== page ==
Plagiocephaly Referral Rates in the UK

Plagiocephaly Referral Rates in the UK

The gap between plagiocephaly referral rates in the UK and overseas appears to be widening. While helmets are considered standard protocol for moderate and severe cases of plagiocephaly across much of the developed world, UK referrals remain very rare and vary from one district to the next.

Despite the NHS’s admission that cranial orthoses “improve the symmetry of a baby’s skull”, most parents are actively discouraged from putting a helmet on their baby. They are told that plagiocephaly is only cosmetic and usually resolves itself without any need for treatment.

By contrast, helmets are widely considered the standard treatment for moderate and severe cases of plagiocephaly in the USA. Not only that, but a recent investigation of trends in plagiocephaly diagnosis and treatment concludes that referral rates are improving, and that infants with plagiocephaly are being treated at a younger age since the Back to Sleep campaign.

The Patient-Led Approach to Plagiocephaly Referral

Mum and baby with plagiocephaly helmet

The USA is by no means the only pro-helmet country. In Germany, it is considered best practice for doctors to run through the available options, highlighting the potential risks associated with leaving growth to take its natural course. Parents are not pressured into having their babies treated, but they are given enough information to enable them to make informed decisions.

According to anecdotal evidence, such as these case studies from babies Yannik, Keir and Klara on the website of nonprofit organisation Headstart4Babies, a number of UK infants have been referred to plagiocephaly clinics in Germany when our own health service was unable to provide for them.

In many parts of Australia, public children’s hospitals provide funding for the treatment of moderate and severe plagiocephaly. As in Germany, parents are provided with sound, research-led information on the available options and the decision is ultimately left in their hands.

As a case in point, here’s a quick comparison of the advice given by The Royal Children’s Hospital Melbourne and on the NHS Choices website:

The Royal Children’s Hospital Melbourne:

“Wearing the helmet doesn’t hurt and babies usually get used to it very quickly. Parents can feel quite emotional when their child first wears the helmet. It can be helpful to know this is a common feeling and to remember treatment is temporary and outcomes are normally very good.”

The NHS Choices website:

“A helmet or headband can be used to help correct the shape of your baby’s skull, but it may not work in all cases. You should consider the inconvenience, expense and possible discomfort to your child before trying a headband or helmet.”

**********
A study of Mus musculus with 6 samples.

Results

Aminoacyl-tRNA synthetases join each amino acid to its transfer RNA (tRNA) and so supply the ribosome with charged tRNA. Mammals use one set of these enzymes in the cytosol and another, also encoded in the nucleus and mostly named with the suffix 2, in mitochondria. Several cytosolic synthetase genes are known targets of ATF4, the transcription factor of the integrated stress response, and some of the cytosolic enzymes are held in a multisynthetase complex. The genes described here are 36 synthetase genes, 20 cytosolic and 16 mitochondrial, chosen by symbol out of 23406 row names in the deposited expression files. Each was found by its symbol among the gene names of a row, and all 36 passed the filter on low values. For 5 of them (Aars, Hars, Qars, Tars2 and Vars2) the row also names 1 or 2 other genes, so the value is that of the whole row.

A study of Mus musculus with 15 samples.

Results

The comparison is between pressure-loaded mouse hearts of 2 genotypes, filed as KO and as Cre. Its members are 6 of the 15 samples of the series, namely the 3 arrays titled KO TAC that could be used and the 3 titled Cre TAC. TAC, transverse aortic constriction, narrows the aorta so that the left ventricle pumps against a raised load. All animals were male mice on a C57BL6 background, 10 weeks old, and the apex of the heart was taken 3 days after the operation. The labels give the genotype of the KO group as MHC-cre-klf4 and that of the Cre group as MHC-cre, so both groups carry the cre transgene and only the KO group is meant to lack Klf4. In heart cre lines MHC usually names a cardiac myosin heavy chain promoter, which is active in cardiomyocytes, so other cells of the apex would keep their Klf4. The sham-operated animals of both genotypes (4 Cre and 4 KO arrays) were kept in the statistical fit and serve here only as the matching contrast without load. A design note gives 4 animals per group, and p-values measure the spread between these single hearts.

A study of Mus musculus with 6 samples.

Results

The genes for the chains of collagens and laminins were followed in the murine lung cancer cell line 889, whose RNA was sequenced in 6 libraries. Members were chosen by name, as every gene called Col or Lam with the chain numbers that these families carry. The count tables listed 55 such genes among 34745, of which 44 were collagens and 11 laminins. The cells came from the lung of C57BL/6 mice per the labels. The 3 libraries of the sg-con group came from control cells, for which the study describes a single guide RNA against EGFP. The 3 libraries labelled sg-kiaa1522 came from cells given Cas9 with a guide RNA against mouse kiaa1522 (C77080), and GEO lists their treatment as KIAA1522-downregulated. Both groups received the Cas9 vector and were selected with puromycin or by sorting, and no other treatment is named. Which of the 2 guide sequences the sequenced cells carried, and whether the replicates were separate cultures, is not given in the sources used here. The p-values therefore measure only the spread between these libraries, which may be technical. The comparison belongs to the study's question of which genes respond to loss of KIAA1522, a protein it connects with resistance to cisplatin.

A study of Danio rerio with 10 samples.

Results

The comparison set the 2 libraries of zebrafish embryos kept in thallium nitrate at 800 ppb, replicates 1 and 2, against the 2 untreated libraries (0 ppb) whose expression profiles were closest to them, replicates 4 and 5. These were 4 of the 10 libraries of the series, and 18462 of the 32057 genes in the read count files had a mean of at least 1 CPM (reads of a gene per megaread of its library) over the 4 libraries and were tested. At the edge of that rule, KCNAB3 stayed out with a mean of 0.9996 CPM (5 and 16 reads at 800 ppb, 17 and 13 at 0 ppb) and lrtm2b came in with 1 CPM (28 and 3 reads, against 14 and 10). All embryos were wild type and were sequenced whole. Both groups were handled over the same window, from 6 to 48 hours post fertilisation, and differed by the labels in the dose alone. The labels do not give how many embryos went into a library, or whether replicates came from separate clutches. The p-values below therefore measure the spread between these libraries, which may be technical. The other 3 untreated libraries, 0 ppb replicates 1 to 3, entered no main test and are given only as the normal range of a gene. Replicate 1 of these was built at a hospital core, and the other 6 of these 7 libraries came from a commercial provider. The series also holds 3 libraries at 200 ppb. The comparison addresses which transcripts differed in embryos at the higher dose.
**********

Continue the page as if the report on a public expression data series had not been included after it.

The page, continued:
Conclusion

While the countries cited here may only represent a small sample of the developed world, the implications are clear. Rather than highlighting a need for increased funding, these examples suggest that the real issue at stake is the kind of advice that is being provided to parents.

Doctors in the USA, Germany and Australia take a patient-centred approach, providing parents with unbiased information about the options that are available to them and the pros and cons of each. This enables parents to come to their own decisions and prevents any unpleasant surprises later on.

While we are extremely lucky to have access to free healthcare in the UK, the system’s one-size-fits-all approach can seem to be inherently flawed at the individual level. In the case of plagiocephaly, the NHS’s failure to provide information for this small but significant portion of the population is leaving thousands of babies with irreversible head shape deformities that might otherwise have been avoided.

The pervading attitude within the NHS community seems to be that if the NHS doesn’t treat it, it must not be worth treating at all. This is generally tied in with an assumption that private companies are only doing it for the money, rather than providing a valuable and worthwhile service. And while this view may have been refuted by science time and time again, it remains prevalent in the advice that most parents are receiving.

Before and after scans for plagiocephaly treatment

Before and after scans for plagiocephaly treatment

If you would like to get a valid, professional opinion on the measurable severity your baby’s plagiocephaly, Technology in Motion can help. We offer a free, no obligation evaluation to assess the severity of the deformity and should treatment be recommended, we’ll provide you with sound, research-backed advice to help you make the right decision for your baby.

Call 0330 100 1800 to arrange an appointment, or browse our website for more information on our clinics and the services that we provide.